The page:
Adiona CEO Richard Savoie was excited to chair the Industry stage on Wednesday, 30th October at CEBIT, the premier tech conference in Australia, to talk about Future Skills in the disrupting economy, especially in the logistics and supply chain sector. The included moderating a panel on "Future skills & the future of work for Industry 4.0 & the supply chain" with industry heavy hitters such as Kari Banick, Managing Director of Linfox, Ivan Imparato, CEO of the Australian Supply Chain Institute (ASCI), and industry "futurologist" Rocky Scopelliti.
Savoie opened stating, "Data from the Transport and Logistics Industry Reference Committee shows that the last 20 years, jobs in the sector have exploded, far outpacing population growth. An example is road freight transport, where employment levels from 2000 to 2018 increased by 43%. And their projections show the pace of growth increasing. Consumer expectations, especially around e-commerce, have created a race to the top, and a race to the bottom, and technology, is going to decide which organisations are in which category. And I’m very excited to have an amazing panel here to unpack that for us."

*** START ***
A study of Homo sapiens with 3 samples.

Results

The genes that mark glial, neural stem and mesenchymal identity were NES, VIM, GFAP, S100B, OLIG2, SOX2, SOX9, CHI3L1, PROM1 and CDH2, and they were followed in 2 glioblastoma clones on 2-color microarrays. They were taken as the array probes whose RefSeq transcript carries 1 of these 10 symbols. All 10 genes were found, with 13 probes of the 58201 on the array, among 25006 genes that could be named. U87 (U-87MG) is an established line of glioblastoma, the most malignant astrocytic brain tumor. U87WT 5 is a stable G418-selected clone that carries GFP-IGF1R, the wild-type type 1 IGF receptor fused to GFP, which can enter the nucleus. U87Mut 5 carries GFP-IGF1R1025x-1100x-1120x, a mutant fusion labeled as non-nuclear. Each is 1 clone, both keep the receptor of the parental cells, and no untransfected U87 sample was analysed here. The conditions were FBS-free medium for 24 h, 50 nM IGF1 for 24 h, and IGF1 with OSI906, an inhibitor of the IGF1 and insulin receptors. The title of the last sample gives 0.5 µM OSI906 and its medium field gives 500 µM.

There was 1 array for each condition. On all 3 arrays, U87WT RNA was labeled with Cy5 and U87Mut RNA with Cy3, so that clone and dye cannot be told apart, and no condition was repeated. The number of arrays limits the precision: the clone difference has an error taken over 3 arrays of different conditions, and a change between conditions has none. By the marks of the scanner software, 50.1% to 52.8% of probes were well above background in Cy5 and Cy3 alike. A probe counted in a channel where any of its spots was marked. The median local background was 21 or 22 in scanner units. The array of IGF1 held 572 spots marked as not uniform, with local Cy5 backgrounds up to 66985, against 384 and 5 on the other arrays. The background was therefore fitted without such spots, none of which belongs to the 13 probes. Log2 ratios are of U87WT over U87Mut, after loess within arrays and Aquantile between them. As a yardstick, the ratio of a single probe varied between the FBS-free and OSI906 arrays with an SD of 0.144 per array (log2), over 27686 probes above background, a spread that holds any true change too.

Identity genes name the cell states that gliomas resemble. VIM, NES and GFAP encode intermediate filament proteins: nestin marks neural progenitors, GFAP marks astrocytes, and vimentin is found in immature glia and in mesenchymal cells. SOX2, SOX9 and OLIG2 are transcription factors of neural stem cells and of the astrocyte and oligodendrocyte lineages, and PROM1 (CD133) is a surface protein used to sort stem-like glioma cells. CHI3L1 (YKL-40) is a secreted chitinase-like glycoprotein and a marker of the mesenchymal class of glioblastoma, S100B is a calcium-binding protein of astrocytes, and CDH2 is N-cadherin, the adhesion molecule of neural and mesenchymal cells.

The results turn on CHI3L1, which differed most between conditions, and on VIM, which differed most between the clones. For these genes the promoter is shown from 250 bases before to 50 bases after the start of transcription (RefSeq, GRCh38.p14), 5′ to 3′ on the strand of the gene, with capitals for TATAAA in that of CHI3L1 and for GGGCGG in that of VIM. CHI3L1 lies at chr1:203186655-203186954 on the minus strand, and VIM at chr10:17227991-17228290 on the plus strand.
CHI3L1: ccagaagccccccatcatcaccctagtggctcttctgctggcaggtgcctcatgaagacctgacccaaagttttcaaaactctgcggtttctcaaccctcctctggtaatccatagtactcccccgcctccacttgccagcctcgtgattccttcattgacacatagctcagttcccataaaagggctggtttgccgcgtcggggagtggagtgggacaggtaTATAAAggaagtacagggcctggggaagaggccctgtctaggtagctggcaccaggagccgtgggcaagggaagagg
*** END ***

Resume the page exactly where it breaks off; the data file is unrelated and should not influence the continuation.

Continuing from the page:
The topics covered by the panel included:
"- Transport and Logistics (T&L) orgs are at varying stages of transitioning their investments from assets to technology, but the pace of disruption from startups and new challengers is increasing. What do you see as the critical technology investments over the next 5 to 10 years?
- Rocky, you have a new book out that talks about how exponential forces have impacted the way we think about the product economy versus the experience economy giving rise to the redistribution of value in supply chains. I wonder if you can explain firstly what you mean by that, and maybe talk about how that’s going to impact the skills transition to support that redistribution you mention.
- Our business is betting on the future of data scientists in the workforce to leverage our technology. What are the key roles and skills that you are betting on in the future workforce? How are they related or dependant on technological changes?
- Let’s end on a happy note, at least from my questions. There are 400,000 SMEs in Australia with supply chain jobs and the industry consensus is that there is a skills shortage. People I talk to say that it's very difficult to find the right combination of analytical skills and operational experience, but many organisations also aren't investing in upskilling their existing workforce into these roles and depend on outside recruiting. Famous quote: CFO says “What happens if we invest in developing our people and then they leave? CEO replies: What if we don’t invest in developing them, and they stay?” How do we bridge this gap and invest in training? What role does technology play in this?
Here are some photos from the panel and the CEBIT event, which drew thousands of people over three packed days to the Sydney ICC.